By Emily Sampl//Contributor | Monday, March 13, 2017
One of the most anticipated meets of the spring – the women’s NCAA Division I Swimming and Diving Championships – are just days away, and the top teams in the country are gearing up for another run at a national championship. Here’s a look at the top teams and swimmers to keep an eye on as the meet unfolds at the IU Natatorium in Indianapolis.2016 Top Five:
1. Georgia – 414
2. Stanford – 395
3. California – 358
4. Texas A&M – 309
5. Virginia – 264
TEAMS TO WATCH
STANFORD UNIVERSITYLed by Olympic gold medalists Katie Ledecky and Simone Manuel, two-time Olympic medalist Lia Neal and two-time defending NCAA champion Ella Eastin, Stanford’s NCAA roster reads more like an all-star lineup than a college swim team. With so many weapons in its arsenal, the Cardinal could be poised to capture its first women’s NCAA swimming and diving title since 1998 after finishing just 19 points out of first last year.
Ledecky, who won four gold and one silver medal at the 2016 Rio Olympics, has already smashed the NCAA and American records in the 500 free and 1650 free and is basically unstoppable in those events; she’ll have to contend with teammate Simone Manuel in the 200 freestyle though, as Manuel comes into the meet seeded .13 ahead. Manuel, the 2016 Olympic gold medalist in the 100m free, is also seeded first in the 50 and 100 free events. Eastin, meanwhile, aims to win both the 200 and 400 IM again after sweeping both events last year as a freshman; she’s also seeded first in the 200 fly. Junior Janet Hu could walk away with three individual NCAA titles as well, as she comes into the meet with three top-three seeds – first in the 100 fly, second in the 200 back and third in the 100 back.
Other Swimmers to Watch:
Lia Neal (50 free, 200 free, 100 free)
Katie Drabot (500 free, 200 free, 1650 free)
Alexandra Szekely (400 IM, 200 back)
Ally Howe (100 back, 200 back, 200 IM)
UNIVERSITY OF CALIFORNIAThe Golden Bears finished third in last year’s meet and will look to get back to the top of the podium after winning the meet in 2015, 2012, 2011 and 2009. Like rival Stanford, Cal has numerous swimmers capable of winning multiple individual titles. Sophomore Kathleen Baker, a surprise silver medalist in the 100m back in Rio, comes into the meet seeded second in the 200 IM, second in the 100 back and first in the 200 back and has an excellent shot to win all three. Cal has traditionally had a strong backstroke contingent and should also get big points from sophomore Amy Bilquist in the 100 (8th) and 200 (4th) back. Freshman Abbey Weitzeil also represented the United States in Rio and will now make her NCAA debut with a chance to win the 50 free and 100 free. Senior Farida Osman, an Olympian from Egypt, will be a major player in the individual sprint events (50 and 100 free, 100 fly) and in the relays for the Bears.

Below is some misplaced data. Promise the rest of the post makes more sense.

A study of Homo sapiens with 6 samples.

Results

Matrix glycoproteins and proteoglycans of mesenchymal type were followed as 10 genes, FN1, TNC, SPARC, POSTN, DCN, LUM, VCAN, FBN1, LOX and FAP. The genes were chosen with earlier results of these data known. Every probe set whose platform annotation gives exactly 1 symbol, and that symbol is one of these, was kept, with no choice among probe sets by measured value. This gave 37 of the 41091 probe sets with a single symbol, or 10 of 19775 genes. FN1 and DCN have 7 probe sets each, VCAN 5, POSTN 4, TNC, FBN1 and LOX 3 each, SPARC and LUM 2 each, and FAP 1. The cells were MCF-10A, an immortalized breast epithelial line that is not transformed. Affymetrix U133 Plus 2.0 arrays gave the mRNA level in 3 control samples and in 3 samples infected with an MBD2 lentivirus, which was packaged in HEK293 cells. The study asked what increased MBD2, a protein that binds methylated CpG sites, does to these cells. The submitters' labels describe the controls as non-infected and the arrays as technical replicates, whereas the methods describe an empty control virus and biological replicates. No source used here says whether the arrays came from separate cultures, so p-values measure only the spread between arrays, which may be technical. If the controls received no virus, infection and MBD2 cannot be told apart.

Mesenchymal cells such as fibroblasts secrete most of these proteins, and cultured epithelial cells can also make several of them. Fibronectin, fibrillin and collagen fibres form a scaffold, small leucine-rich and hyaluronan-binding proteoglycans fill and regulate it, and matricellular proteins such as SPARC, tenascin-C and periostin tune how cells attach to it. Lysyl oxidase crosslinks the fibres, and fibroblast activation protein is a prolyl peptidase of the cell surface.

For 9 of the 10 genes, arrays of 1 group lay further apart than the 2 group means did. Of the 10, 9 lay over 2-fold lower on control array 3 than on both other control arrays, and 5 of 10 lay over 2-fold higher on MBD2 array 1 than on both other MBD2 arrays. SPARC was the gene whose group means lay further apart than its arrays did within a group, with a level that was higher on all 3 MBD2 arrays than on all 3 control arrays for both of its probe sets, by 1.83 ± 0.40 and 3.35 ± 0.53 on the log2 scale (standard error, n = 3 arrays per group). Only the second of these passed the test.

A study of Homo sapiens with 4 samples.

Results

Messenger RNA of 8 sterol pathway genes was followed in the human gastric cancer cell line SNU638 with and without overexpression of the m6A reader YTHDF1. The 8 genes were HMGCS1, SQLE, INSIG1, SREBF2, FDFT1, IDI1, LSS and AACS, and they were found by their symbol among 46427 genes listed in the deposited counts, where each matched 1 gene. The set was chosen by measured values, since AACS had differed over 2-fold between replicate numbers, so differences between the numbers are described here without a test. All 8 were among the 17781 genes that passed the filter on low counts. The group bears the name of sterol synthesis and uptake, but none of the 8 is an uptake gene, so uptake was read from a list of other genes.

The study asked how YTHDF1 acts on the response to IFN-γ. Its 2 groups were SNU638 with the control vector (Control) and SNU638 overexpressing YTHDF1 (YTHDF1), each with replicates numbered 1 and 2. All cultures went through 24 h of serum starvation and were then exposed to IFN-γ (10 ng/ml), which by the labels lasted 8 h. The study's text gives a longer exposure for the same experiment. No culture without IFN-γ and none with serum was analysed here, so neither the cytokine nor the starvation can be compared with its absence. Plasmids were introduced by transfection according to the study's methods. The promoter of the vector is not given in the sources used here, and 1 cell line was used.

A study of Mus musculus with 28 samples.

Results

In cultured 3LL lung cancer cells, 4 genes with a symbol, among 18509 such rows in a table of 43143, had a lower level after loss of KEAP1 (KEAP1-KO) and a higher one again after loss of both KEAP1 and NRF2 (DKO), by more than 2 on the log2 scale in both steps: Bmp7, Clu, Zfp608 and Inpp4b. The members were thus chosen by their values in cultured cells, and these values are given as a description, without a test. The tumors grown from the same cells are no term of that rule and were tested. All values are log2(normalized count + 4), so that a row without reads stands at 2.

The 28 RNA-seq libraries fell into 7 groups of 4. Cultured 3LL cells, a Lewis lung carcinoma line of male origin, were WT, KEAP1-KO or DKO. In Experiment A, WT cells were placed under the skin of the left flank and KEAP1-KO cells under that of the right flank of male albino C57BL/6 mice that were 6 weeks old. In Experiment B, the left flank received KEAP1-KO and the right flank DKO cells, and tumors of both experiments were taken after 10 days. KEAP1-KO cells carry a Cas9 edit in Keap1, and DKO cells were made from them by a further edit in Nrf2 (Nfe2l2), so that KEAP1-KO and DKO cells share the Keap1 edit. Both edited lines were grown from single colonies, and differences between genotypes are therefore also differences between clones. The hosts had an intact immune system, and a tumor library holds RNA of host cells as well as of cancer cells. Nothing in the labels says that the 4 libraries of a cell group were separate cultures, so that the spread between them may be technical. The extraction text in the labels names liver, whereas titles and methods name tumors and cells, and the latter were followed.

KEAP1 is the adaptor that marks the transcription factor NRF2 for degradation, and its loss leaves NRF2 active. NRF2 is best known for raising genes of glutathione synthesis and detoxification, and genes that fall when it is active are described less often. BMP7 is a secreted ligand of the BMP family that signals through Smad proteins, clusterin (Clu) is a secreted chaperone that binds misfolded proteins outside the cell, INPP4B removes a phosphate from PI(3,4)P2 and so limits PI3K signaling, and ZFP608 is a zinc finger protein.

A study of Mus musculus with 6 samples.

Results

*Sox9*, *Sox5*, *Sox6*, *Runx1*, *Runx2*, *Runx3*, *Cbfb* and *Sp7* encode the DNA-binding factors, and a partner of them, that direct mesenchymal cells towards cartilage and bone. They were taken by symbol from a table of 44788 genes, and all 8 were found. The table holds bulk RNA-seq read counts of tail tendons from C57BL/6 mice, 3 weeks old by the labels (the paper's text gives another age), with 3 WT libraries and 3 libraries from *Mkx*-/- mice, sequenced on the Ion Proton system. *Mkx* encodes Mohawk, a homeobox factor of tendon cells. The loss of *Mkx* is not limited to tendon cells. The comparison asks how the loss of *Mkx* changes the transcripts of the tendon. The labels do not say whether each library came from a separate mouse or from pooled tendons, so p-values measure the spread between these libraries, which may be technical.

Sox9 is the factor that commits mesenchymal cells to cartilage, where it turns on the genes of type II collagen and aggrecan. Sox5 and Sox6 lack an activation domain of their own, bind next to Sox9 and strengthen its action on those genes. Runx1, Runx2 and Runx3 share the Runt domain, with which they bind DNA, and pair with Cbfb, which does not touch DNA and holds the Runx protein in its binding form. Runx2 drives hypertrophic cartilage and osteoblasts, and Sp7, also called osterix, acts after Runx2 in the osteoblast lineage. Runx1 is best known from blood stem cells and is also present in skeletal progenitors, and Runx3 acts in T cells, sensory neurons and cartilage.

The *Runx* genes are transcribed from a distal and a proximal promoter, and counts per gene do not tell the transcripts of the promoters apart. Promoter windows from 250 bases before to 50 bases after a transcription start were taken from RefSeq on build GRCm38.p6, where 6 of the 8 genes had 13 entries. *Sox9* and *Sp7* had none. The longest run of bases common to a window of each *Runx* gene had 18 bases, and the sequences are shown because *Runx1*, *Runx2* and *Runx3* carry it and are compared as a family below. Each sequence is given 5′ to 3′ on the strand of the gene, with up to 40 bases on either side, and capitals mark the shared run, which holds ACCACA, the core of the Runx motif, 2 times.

Other Swimmers to Watch:
Katie McLaughlin (500 free, 200 free, 200 fly)
Celina Li (200 IM, 400 IM, 200 fly)
Noemie Thomas (100 fly, 200 fly)
UNIVERSITY OF GEORGIAThe defending champion Georgia Bulldogs could be in the hunt for their eighth NCAA team title and fourth win in five years, but they’ll have a lot of work to do to make a team championship a reality. Senior and newly minted Olympic medalist Olivia Smoliga leads the way for the Bulldogs, as the defending champ in the 50 and 100 free will look to sweep those events again as the sixth and third seed, respectively. She’ll also swim the 100 back, which she swam for the U.S. in Rio.
Canadian Olympian Chantal Van Landeghem is back for her final NCAA meet and should be a big contributor as well, with the 11th best time in the 50 free, 10th best in the 100 free and valuable relay experience for Georgia. Georgia has traditionally had a more notable distance group, but should score a lot of points in the sprint events with the 1-2-3 punch of Smoliga, Van Landeghem and freshman Veronica Burchill, who will race the 50 and 100 free and 100 fly.
Other Swimmers to Watch:
Emily Cameron (200 IM, 400 IM)
Chelsea Britt (200 fly, 100 back)
Meagan Raab (200 IM, 200 free, 200 breast)
OTHERS TO WATCHThe usual suspects – Arizona, Texas, Texas A&M and Southern California – will definitely be contenders in the team race for the top five spots, along with up and comers Michigan and North Carolina State, who both should make some noise. Stanford swimmers are seeded first in every individual event but three – Indiana’s Lilly King, the Olympic champion in the 100m breast, is the top seed in both breaststroke events, while Cal’s Kathleen Baker is first in the 200 back. All five relays look to be a dog fight between Cal and Stanford, with the likes of USC, Georgia, Arizona and NC State also in contention.